THE NEXT phase of the £1.7 million restoration of “Brighton’s Cathedral” could be completed by Christmas - but it will only reveal a further three meters of the grade II*listed tower.

St Peter’s Church are hopeful of good news from the Heritage Lottery Fund (HLF) on a bid which would allow restoration work on the 189-year-old tower to resume this summer.

But lovers of the building will have to be patient to see it free from its £240,000-a-year scaffolding as vicar Archie Coates has warned the project could go on for years.

The church said only by removing the scaffolding will the building feel open to the public and allow the city to regain its unofficial cathedral.

In the meantime, the church is trying to make the best of the situation by extending its permission to have advertising on the scaffolding with revenues going towards the heritage project.

Consent for the advertising is due to expire in June but a planning application seeks to extend that by another year.

The church faced closure in 2009 in the face of a dwindling congregation and a £1 million repair bill but has undergone an amazing transformation since a team were “planted” in to run the church which now operates community services around the clock and welcomes 800 worshippers to Sunday service.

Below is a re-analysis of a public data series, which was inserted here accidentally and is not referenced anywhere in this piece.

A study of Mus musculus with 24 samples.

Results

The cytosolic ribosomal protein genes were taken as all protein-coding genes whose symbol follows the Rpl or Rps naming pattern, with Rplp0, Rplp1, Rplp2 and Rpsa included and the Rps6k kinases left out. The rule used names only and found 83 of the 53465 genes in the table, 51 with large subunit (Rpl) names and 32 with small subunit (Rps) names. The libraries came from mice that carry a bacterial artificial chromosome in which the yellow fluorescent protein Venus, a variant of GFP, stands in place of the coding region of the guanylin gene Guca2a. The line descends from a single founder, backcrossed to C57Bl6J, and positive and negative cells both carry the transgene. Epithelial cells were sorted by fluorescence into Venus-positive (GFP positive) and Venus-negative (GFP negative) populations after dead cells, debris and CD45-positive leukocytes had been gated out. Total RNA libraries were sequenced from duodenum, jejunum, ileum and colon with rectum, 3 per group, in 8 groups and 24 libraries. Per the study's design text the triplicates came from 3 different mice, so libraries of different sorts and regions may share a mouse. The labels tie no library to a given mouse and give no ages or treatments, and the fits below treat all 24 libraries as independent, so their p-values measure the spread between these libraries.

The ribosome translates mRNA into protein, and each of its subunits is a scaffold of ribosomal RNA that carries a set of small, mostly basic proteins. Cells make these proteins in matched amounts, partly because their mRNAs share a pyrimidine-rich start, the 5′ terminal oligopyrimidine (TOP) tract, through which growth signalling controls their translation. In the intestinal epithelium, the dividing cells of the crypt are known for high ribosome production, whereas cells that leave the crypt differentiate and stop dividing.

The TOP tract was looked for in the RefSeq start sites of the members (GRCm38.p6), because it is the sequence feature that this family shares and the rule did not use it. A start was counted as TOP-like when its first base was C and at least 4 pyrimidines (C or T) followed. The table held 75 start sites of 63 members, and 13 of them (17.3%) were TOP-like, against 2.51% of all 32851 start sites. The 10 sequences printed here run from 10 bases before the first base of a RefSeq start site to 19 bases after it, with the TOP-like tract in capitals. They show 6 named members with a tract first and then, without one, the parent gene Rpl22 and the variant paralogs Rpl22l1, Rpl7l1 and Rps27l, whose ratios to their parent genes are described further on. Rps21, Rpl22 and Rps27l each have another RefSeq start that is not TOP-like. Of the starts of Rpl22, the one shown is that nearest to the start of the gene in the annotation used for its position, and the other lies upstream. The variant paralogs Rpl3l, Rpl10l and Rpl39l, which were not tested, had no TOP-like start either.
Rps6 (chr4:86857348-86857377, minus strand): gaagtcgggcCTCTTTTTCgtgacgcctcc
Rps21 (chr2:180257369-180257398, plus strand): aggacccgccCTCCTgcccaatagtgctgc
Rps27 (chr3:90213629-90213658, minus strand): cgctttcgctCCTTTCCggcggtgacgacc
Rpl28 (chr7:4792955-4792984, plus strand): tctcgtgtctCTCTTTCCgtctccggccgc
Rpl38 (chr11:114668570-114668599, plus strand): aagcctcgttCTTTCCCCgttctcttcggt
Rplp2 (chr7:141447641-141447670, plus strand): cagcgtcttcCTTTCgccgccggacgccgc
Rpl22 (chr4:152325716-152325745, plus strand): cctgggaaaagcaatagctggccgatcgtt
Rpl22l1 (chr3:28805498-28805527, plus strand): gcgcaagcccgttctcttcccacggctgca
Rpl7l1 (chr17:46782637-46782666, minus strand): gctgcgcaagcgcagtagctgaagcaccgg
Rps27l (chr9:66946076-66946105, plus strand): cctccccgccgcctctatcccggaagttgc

Around £1 million of repairs have already been carried out to waterproof, secure masonry and to improve heating and lighting.

Rev Coates said: “When we took the church on we know there was a problem with the tower, there has been security fencing around it ever since I have known it.

“We knew we had to fix the interior first and make it waterproof but what anyone did not quite realise until we sent someone up there was what a big job it was.

“Every stone has to be inspected to see whether it can be restored or replaced.”

Part of the restoration will include replacing three sets of damaged wooden doors with glazed doors to create “a light box in the heart of the city” to display artwork telling the story of the building designed by the Houses of Parliament architect Sir Charles Barry.

The restoration bid has been funded through the congregation, Sussex Historical Churches Fund and the HLF.

Rev Coates said: “The HLF has a pot that we are applying for where they give grants of up to £250,000 a year but we can only go to them once a year. We have just heard that we are through to the second round of our second application and if that happens we will have people back on site by mid-summer so that by Christmas another two to three metres of the tower will be exposed from the top.”